Interview with Congressman Jeff Fortenberry

Congressman Jeff Fortenberry told VOA's Kurdish Service in an interview that Sunni Arab nations in particular must cooperate with the United States and its Western partners in working to contain IS and to resolve the "horrific" refugee situation in the region.

Fortenberry, a Republican from Nebraska, sponsored last month's U.S. congressional resolution declaring as genocide the Islamic State group's campaign of violence against Christians, Yazidis and other ethnic and religious minorities.

The resolution passed unanimously, 393-0, in the U.S. House of Representatives. Fortenberry said it "puts the full weight and authority of the United States government in declaring the reality of what has happened: a systematic attempt to exterminate entire groups of people based upon their faith."
The congressman said the United States is continuing its extensive support for humanitarian aid to help those fleeing Islamic State terror, but there also must be a broader effort to create conditions for security, stability and political reform in the areas ravaged by IS. The Sunni Arab world must play a more robust role in reform efforts, he added.

Looking to the future, Fortenberry said U.S. military forces devoted to fighting Islamic State may increase, but no one should expect to see thousands of American troops arriving in the region. "This is a responsibility of the Middle East itself," he added.

Wiping out Islamic State, which he described as a gang of "8th-century barbarians," is separate from the task of stabilizing war-torn Syria, Fortenberry said. Although removing President Hafez al-Assad from power is an absolute goal of many many opposition groups in Syria, the congressman noted: "To simply demand that Assad go, and create a vacuum, could make the circumstances worse. To 'protect' Assad and his brutality is unconscionable. So you have to have a transition period here."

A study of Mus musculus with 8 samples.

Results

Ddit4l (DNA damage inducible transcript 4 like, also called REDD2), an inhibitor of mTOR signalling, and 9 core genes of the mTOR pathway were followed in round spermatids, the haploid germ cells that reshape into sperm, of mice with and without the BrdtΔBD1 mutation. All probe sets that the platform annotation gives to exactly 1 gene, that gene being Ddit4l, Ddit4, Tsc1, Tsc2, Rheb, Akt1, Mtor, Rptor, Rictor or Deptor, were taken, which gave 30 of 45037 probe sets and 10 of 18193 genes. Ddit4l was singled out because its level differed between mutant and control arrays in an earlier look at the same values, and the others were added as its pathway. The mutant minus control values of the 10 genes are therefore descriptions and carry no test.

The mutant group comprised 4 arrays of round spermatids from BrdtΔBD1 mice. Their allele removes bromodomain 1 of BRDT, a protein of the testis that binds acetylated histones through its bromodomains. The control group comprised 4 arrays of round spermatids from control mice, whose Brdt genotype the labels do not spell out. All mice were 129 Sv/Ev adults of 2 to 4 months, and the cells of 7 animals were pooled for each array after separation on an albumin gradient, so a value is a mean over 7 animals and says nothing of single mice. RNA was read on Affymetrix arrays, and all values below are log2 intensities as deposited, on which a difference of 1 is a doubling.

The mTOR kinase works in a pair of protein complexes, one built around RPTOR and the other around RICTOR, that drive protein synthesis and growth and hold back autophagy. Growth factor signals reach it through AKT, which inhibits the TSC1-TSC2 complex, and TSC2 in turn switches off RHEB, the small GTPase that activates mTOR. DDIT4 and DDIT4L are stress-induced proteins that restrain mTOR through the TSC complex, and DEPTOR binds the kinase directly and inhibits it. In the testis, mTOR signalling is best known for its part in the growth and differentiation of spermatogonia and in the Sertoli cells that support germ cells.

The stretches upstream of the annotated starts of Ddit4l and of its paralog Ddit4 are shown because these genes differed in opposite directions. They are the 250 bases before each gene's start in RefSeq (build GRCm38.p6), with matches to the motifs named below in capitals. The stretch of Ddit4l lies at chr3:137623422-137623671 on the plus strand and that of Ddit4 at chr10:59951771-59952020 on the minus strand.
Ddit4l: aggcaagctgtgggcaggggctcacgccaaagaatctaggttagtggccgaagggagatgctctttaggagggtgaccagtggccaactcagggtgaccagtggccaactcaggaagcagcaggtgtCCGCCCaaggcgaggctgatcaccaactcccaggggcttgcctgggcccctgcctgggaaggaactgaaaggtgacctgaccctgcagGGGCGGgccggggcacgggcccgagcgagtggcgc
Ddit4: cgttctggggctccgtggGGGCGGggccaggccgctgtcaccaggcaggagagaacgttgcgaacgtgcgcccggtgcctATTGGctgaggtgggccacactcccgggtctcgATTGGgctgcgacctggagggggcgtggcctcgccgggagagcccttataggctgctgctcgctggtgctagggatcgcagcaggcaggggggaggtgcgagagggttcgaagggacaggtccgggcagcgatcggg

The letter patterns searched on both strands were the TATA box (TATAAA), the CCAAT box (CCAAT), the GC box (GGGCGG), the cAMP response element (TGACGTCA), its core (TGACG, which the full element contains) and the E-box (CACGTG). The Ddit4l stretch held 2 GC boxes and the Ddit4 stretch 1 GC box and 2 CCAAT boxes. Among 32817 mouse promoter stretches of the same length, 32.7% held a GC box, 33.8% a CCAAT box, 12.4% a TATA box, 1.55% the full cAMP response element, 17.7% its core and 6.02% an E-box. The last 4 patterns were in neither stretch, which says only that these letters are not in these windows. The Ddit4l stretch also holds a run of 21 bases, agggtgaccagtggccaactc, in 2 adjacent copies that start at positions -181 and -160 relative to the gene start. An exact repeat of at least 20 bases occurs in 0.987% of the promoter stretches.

The United States and its partners must address all aspects of the refugees' flight from Syria, Fortenberry told VOA's Kurdish Service:

“The United States shouldn’t do this alone, nor can we do it alone. It's particularly incumbent in the Middle East on Sunni Arab nations to fight for values, to fight for the protection of innocent life, to fight for the principles of civilization, and stability and order itself," he said.

Fortenberry estimated the United States is currently spending about $1 billion a year to help regional governments - Iraq's Kurdish regional government and the central government in Baghdad, as well as Turkey, Jordan and Lebanon - care for refugees.

Protecting civilians' lives and respecting human dignity is a complicated task in areas where Islamic State has mounted systematic efforts to exterminate religious minorities, Fortenberry said. Looking forward, he proposes a system of "safe havens" where returning refugees can begin to re-establish stable societies.

"If we don't do this, and the Middle East is emptied of people simply because there is security and cultural conflict, then there is no chance in the future" to heal the wounds that extremists have caused, the congressman said. "That's why this proposal is so important. It not only meets the needs of the humanitarian crisis, but it creates long-term conditions for stability," said Fortenberry.